What have you been working on for the past 12 years? Whatever it was, I bet it’s not as awesome as this ridiculously awesome Milky Way image by J-P Metsavainio. His work on the composite photo began in 2009 and a dozen years later he has one of the most spectacular works of astronomy art you’ll ever lay eyes on. The image is huge both in its pixel resolution and its ambition, as the photographer had to collect a whopping 234 photos in order to piece together the final product.
As PetaPixel reports, Metsavainio began capturing specific features of the Milky Way with his high-end camera equipment and astronomy accessories. Those images are works of art in their own right, but the composite image that they helped to produce is even more spectacular.
“It took almost twelve years to finalize this mosaic image,” Metsavainio explains on his website. “The reason for a long time period is naturally the size of the mosaic and the fact, that image is very deep. Another reason is that I have [shot] most of the mosaic frames as individual compositions and [published] them as independent artworks. That leads to a kind of complex image set witch is partly overlapping with a lot of unimaged areas between and around frames. I have shot the missing data now and then during the years and last year I was able to publish many sub mosaic images as I got them ready first.”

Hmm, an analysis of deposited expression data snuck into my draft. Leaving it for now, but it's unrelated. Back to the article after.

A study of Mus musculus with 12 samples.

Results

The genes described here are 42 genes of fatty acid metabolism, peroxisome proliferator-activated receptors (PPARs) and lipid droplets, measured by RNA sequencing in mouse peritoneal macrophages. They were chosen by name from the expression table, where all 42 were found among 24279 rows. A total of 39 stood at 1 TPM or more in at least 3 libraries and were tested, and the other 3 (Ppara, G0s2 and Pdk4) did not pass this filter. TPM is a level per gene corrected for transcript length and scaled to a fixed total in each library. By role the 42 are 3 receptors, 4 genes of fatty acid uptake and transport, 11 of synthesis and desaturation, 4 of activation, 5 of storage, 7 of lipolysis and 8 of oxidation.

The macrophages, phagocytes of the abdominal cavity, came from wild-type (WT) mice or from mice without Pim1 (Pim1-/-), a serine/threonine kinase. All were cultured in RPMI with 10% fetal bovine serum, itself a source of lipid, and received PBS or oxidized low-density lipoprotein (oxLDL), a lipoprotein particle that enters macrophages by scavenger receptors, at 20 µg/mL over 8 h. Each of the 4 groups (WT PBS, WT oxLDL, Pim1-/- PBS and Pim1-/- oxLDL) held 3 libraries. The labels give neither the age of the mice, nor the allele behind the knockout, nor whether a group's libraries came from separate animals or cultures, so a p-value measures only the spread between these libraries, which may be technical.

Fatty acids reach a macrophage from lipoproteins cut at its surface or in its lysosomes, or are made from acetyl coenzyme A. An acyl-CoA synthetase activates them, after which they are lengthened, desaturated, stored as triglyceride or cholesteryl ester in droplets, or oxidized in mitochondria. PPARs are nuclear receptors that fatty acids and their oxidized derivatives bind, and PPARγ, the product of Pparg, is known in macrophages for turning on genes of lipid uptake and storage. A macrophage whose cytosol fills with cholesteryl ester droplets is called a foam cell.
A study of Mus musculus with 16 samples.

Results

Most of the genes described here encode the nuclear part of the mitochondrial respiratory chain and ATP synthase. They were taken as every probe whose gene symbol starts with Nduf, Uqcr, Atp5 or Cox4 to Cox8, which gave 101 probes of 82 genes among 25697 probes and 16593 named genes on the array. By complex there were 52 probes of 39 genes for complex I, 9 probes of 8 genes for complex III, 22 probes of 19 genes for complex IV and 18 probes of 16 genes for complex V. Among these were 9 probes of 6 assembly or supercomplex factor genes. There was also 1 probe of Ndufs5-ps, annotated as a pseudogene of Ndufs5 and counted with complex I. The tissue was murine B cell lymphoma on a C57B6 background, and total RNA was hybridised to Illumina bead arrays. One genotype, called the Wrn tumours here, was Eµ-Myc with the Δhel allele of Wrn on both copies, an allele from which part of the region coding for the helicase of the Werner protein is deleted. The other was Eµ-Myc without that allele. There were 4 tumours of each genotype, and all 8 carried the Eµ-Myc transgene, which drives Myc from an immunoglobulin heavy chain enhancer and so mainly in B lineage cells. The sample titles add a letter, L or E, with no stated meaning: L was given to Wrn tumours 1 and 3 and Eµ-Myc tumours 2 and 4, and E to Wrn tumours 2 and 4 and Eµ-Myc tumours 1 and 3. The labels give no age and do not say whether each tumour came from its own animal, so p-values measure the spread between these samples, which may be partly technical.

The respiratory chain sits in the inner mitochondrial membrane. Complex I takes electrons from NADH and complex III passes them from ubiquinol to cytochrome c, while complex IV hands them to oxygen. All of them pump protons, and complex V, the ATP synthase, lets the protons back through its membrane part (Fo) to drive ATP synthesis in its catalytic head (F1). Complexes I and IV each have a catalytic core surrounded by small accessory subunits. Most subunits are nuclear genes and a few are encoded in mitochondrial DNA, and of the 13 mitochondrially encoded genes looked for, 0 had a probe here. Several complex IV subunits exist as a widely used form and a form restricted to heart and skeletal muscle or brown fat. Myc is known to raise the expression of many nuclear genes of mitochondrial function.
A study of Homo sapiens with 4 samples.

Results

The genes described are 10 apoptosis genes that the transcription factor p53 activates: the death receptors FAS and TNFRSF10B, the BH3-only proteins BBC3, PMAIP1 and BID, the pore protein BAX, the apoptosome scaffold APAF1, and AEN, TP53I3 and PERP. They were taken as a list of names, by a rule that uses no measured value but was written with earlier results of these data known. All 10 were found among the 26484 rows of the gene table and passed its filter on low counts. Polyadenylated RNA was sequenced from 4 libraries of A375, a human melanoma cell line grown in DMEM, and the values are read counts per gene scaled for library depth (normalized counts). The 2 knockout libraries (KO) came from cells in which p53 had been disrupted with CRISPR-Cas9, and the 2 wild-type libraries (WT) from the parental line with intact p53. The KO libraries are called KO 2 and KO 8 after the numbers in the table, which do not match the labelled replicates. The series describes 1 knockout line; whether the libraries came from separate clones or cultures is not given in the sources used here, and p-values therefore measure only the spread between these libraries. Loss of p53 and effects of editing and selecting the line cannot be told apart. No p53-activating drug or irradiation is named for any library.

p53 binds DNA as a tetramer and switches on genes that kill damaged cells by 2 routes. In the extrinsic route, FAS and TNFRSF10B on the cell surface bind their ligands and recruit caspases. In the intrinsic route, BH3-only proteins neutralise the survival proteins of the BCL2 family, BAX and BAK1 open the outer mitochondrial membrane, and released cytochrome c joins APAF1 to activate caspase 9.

He lays out his entire workflow in a lengthy blog post that includes the final mosaic as well as individual images and a panorama that includes an overlay that shows where each individual image was placed to create the final product. You can check out a scaled-down version of the panorama here, and it measures 7,000 pixels wide. The actual mosaic comes in at a horizontal resolution of 100,000 pixels, which is absolutely massive.
Astrophotography definitely seems like a fun hobby, and people like Metsavainio really take things to the next level with projects like this. It may have taken well over a decade to complete, but it also provides us with a view of the Milky Way as we’ve never seen it before, and that is definitely worth it.